Engineer Sam Zeloof has become, to common knowledge, the first person to successfully create an integrated circuit using a fully photolithographic process in a home lab, building a dual differential amplifier using entirely homebrew equipment.
Hobbyists around the world have been making discrete circuits at home for years, but integrated circuits are a significantly trickier matter. Engineers like Jeri Ellsworth have succeeded in the past using conductive epoxy and other tricks for the on-chip interconnects, but Sam’s work is the first to use a photolithographic process – the means by which modern IC are created, traditionally involving an expensive cleanroom environment with even more expensive photolithographic equipment.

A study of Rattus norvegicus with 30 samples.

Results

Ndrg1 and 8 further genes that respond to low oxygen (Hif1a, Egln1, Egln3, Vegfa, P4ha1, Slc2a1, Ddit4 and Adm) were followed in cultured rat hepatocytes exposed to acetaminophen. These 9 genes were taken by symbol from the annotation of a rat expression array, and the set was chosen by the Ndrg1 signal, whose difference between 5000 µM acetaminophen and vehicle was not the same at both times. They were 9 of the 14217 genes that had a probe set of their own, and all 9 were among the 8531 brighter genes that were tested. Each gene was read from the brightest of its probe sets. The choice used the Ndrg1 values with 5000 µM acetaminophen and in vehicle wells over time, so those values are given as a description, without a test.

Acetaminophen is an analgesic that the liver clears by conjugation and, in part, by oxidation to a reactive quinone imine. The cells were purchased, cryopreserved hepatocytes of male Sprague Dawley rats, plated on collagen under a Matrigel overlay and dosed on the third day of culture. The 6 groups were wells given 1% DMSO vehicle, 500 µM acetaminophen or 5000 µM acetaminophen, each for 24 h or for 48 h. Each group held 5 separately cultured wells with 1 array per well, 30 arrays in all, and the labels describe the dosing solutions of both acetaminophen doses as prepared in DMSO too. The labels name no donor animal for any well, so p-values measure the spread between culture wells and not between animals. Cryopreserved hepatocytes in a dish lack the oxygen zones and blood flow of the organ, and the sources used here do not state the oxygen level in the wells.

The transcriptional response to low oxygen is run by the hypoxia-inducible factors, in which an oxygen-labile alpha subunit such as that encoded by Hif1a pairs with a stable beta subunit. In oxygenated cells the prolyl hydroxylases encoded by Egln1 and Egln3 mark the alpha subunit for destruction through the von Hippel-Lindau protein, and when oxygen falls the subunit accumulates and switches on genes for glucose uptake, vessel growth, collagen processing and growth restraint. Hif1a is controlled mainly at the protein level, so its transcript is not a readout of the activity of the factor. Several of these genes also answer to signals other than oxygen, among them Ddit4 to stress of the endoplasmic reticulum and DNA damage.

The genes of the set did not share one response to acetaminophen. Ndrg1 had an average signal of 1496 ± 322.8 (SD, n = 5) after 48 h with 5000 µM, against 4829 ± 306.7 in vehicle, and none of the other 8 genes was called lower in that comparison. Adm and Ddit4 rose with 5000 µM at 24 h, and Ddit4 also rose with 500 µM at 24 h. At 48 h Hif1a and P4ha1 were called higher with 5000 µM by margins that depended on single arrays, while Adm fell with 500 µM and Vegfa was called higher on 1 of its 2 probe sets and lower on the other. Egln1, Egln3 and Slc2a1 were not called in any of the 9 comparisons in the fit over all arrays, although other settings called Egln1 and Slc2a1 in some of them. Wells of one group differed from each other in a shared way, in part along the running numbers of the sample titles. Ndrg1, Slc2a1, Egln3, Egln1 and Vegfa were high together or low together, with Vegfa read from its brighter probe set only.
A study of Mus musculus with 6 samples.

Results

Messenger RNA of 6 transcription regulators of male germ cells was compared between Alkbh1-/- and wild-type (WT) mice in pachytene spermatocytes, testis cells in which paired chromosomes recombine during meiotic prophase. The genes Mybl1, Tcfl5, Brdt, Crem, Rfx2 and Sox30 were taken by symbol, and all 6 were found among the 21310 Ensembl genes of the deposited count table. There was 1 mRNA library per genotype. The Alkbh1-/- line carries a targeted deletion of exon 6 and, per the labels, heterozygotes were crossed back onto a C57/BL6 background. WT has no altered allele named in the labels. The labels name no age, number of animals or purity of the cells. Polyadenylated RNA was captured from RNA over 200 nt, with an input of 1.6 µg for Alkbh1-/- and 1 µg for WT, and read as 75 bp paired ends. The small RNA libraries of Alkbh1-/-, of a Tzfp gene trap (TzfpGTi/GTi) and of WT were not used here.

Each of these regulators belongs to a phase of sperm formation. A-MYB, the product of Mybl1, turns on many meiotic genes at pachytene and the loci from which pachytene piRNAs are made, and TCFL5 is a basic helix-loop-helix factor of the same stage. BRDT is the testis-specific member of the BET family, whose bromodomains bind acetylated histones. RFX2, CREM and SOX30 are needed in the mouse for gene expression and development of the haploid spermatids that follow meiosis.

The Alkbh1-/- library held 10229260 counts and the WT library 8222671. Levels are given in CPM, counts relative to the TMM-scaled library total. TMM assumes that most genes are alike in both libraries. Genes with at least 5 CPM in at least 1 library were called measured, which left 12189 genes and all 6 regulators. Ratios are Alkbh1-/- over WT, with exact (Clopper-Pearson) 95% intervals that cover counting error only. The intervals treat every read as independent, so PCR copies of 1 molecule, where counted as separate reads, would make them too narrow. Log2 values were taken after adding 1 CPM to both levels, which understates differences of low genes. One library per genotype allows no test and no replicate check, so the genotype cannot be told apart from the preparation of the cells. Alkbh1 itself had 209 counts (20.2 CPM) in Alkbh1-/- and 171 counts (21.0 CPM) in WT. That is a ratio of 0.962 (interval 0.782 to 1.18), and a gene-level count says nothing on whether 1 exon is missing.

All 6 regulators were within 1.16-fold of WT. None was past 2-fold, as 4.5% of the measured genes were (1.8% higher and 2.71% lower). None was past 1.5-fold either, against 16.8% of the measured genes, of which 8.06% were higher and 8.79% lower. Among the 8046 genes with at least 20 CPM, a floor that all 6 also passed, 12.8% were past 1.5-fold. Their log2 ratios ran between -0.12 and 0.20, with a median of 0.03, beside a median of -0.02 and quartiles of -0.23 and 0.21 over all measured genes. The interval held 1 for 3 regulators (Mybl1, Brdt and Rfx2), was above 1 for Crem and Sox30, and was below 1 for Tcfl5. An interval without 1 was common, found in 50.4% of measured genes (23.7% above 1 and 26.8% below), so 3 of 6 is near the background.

In a write-up of Sam’s achievement on Hackaday, the process is explained in brief: use of a converted digital light panel (DLP) projector for ultraviolet photolithography and an electron microscope for electron-beam lithography, and sputtered aluminium for on-chip interconnects. While still not exactly within reach of your average hobbyist, Sam’s work demonstrates that it is possible – with time and ingenuity – to build photolithographic ICs in a garage environment.
The news comes just one day after OnChip unveiled the second generation of Itsy-Chipsy, an IC fabrication platform which aims to allow hobbyists, tinkerers, and prototypers access to professional low-count IC fabrication for as little as $100 per chip.
More information on Sam’s work, not yet including a full write-up of his first successful IC output, is available on his personal blog.